Key Revision Strategies, Tips & Tools to give yourself the edge in assessments or exams… Regardless of lockdowns and exam shake-ups, at regular points in a student’s life, revision skills will play a fundamental role in their success. Whilst there is no single approach that will work for every student, Bespoke Tuition offers 10 top tips on how to optimise revision time over the holidays from memory strategies to time management and handling those anxiety-inducing exam nerves.
Follow these guidelines on how to revise effectively:
- Allocate your time effectively
- Take a balanced approach to revision
- Supplement reading with ‘doing’!
- Condense your notes, smaller and smaller
- Use memory techniques
- Try ‘teaching’ yourself what you learn
- Utilise past papers, examiner reports & revision guides
- Refer to mark schemes
- Be kind to yourself
- Relax, get an early night and eat well
1. Allocate your time effectively
Draw up a revision timetable based on the number of days between now and the exam date, and the number of pages you have to learn. Be generous with your time to give you a chance to consolidate your learning and factor in extra time for those tricky topics. The best revision timetables are usually well structured, routined and realistic. Once you have created it, stick it to your bedroom wall and make a personal vow to stick to it!
2. Take a balanced approach to revision
Be organised and arrange your time so as to have sufficient down time for relaxing with your family and friends. Work out what time you are most alert and create a daily study schedule that means you are revising at the optimal time. Mix up the format of your revision with some pen and paper activities, some revision video resources and perhaps some revision mobile apps. Consider doing your ‘worst’ or ‘scariest’ subjects and topics first to get them out the way.
3. Supplement reading with ‘doing’!
Simply reading through notes does not absorb understanding. Rewrite your notes in a different format, create mind maps or label diagrams and use colour to highlight key points. You could try recording your notes on your phone or audio device and playing them back when you are travelling. Some students have an auditory learning preference, meaning they can retain and recall information better if they have listened to it.
4. Condense your notes, smaller & smaller…
Make summaries and be selective about the points you note. An important skill is discerning what is important and what isn’t. Rewrite your notes from an A4 page to half a page, to a small report card. The process of writing summaries will help to embed the information into your memory. You might even consider an executive summary of all of your summaries in a particular subject area.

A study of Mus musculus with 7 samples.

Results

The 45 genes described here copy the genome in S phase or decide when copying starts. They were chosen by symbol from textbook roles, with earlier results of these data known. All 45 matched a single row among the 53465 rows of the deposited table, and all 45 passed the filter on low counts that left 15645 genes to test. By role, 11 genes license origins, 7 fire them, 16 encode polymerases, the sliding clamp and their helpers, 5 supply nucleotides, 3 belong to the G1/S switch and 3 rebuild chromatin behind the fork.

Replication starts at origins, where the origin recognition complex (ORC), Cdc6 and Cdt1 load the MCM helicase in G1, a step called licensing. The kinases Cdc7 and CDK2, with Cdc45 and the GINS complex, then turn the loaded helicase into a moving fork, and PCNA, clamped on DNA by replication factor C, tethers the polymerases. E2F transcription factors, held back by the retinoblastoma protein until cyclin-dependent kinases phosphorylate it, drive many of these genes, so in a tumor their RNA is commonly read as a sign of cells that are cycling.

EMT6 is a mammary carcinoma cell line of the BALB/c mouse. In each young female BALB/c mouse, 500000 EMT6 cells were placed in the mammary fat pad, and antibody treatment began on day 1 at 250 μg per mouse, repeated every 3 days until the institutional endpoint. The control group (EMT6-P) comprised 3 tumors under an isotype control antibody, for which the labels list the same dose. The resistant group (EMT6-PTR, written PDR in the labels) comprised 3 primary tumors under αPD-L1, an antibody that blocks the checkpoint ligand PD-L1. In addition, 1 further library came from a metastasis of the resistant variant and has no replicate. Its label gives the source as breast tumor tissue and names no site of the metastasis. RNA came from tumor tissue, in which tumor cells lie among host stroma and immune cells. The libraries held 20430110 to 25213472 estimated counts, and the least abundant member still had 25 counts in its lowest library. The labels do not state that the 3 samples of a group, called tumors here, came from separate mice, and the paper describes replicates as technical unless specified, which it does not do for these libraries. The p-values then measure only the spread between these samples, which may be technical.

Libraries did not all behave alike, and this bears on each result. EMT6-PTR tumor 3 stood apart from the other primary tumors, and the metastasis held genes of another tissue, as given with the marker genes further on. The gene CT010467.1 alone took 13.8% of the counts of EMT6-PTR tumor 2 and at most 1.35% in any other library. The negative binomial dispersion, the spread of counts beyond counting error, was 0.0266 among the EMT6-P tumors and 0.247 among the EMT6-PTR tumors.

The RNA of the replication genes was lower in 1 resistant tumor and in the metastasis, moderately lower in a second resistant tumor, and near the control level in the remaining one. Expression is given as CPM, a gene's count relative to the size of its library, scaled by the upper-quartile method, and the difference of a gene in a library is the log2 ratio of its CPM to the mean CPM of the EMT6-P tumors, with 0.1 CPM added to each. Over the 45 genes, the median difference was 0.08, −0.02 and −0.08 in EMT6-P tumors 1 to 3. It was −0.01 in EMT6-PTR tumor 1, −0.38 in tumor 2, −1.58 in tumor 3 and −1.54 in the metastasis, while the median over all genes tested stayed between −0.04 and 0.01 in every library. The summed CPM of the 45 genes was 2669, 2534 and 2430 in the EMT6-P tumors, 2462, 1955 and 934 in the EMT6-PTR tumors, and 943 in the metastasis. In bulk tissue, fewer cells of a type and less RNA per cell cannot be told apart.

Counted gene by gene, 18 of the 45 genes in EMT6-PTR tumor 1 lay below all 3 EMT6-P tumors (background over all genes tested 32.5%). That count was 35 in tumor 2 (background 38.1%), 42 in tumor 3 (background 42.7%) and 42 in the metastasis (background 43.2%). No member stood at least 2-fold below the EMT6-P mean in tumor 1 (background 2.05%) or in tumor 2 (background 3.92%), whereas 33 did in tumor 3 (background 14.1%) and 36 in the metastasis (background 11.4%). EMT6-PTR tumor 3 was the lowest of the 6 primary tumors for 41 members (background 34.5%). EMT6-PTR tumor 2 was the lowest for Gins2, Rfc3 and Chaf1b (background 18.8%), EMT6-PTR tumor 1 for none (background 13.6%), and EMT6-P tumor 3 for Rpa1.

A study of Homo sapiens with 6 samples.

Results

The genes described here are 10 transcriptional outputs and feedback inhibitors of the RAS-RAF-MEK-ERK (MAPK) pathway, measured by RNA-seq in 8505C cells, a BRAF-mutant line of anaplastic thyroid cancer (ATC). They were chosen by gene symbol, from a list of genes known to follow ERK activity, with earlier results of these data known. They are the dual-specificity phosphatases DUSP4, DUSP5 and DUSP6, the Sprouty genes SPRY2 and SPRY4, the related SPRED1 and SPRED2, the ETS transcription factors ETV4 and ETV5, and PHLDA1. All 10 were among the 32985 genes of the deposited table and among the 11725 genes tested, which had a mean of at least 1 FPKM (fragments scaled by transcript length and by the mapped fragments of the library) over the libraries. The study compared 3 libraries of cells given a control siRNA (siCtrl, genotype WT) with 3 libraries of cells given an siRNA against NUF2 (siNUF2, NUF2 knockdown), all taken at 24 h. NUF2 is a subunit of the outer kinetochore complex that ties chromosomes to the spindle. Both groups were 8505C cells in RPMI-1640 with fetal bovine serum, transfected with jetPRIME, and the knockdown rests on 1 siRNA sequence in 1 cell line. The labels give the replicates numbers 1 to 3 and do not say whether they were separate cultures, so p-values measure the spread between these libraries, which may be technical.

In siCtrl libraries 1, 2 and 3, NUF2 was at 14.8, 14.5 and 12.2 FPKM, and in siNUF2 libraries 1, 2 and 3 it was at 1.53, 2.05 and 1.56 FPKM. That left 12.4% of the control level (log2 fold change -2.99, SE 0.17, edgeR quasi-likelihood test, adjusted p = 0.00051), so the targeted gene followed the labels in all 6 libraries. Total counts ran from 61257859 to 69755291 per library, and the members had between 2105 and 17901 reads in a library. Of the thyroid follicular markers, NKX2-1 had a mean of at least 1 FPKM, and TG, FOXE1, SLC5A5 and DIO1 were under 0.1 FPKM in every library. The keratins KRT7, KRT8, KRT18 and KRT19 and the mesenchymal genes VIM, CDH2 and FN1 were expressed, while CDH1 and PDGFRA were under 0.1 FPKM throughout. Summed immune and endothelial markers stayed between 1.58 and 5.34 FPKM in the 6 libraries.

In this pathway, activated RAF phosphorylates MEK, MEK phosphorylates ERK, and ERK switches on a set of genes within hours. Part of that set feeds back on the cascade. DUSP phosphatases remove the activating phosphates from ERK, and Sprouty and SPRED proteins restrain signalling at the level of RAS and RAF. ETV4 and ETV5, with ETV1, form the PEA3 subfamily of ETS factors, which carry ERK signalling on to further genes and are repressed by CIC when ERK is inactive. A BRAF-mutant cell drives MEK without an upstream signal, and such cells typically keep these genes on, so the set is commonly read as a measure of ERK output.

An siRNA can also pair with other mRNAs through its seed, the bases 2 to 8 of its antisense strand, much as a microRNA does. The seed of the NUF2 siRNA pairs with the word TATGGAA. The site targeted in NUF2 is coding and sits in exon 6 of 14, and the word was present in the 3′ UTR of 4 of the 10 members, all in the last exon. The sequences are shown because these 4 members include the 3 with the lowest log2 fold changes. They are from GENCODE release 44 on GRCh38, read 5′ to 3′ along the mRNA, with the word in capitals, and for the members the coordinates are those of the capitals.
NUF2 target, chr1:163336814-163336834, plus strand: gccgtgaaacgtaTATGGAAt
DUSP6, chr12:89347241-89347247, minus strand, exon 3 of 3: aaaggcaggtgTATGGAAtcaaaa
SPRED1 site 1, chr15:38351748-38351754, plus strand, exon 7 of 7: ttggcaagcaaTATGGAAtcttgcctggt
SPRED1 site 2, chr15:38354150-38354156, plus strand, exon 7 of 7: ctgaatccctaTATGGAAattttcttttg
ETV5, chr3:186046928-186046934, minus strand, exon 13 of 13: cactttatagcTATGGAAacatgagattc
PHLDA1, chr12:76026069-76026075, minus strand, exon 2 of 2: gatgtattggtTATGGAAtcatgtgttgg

5. Use memory techniques
Be creative with testing your memory: write out, then laminate, important points you need to memorise and stick them to the shower or bathroom window. You can also improve your recall by using memory tricks such as mnemonics. For example, many of us will have used the word BIDMAS or BODMAS in mathematics to help us remember the order of operations (Brackets, Indices, Division, Multiplication, Addition and Subtraction). Or try giving information context by creating a ‘memory palace’ where you associate words with images, objects or items in your bedroom.
These revision strategies should assist your exam preparation and help you to be more efficient, but please remember that exams are only a process of benchmarking you against your peers. Whatever the outcome, you still have every chance of being successful in life.
8. Refer to Mark Schemes
In order to achieve full marks, you have to understand what the question is asking and how the examiner allocates/deducts points. Use Mark Schemes and Assessment Objectives to try and mark your own work or your friends’ work. Ask your friend to justify the mark they have given and do the same in return. It will help you to assess their understanding and your own. You can also often find published Examiners’ Reports, which will provide information about common misconceptions and useful interpretations of the curriculum. Reading examiners’ reports will often highlight new areas of revision that you may not have previously considered.
9. Be kind to yourself
Strapping yourself to the desk for 8 hours a day will lead to burn out and brain exhaustion! Be sure to break up your sessions with fresh air and exercise to re- boot your system and give your brain a rest. Exercise stimulates the brain and helps focus and concentration so find a circular route near home where you can factor in a jog, ask a family member for a game of tennis or kick a ball around.
If you finish a chapter or topic, reward yourself with an evening at the cinema or out for dinner with friends. It is important that you have something at the end of the day to look forward to.
10. Relax, get an early night and eat well
The night before your exam, discuss your preferred evening routine with your family so they can support you. Put in a request for a favourite supper that will help you sleep well. Prepare all the materials you will need for the exam and the clothes you will wear, avoiding last minute stress on the day. Get an early night and decide what time you need to leave in order to arrive in good time to the exam location. Avoid excited chatter with friends outside the exam hall; this is an important time to go into your own thoughts, focus on the task ahead and walk into the exam room feeling calm and confident.
Still looking for a boost to give yourself the edge? If you find yourself in need of some professional revision support over the holidays, we are here to help. Bespoke Tuition can arrange for a tutor to come to your home or conduct skype tutorials to fit around your study schedule. We also offer a Revision Skills course which can be available online or in person.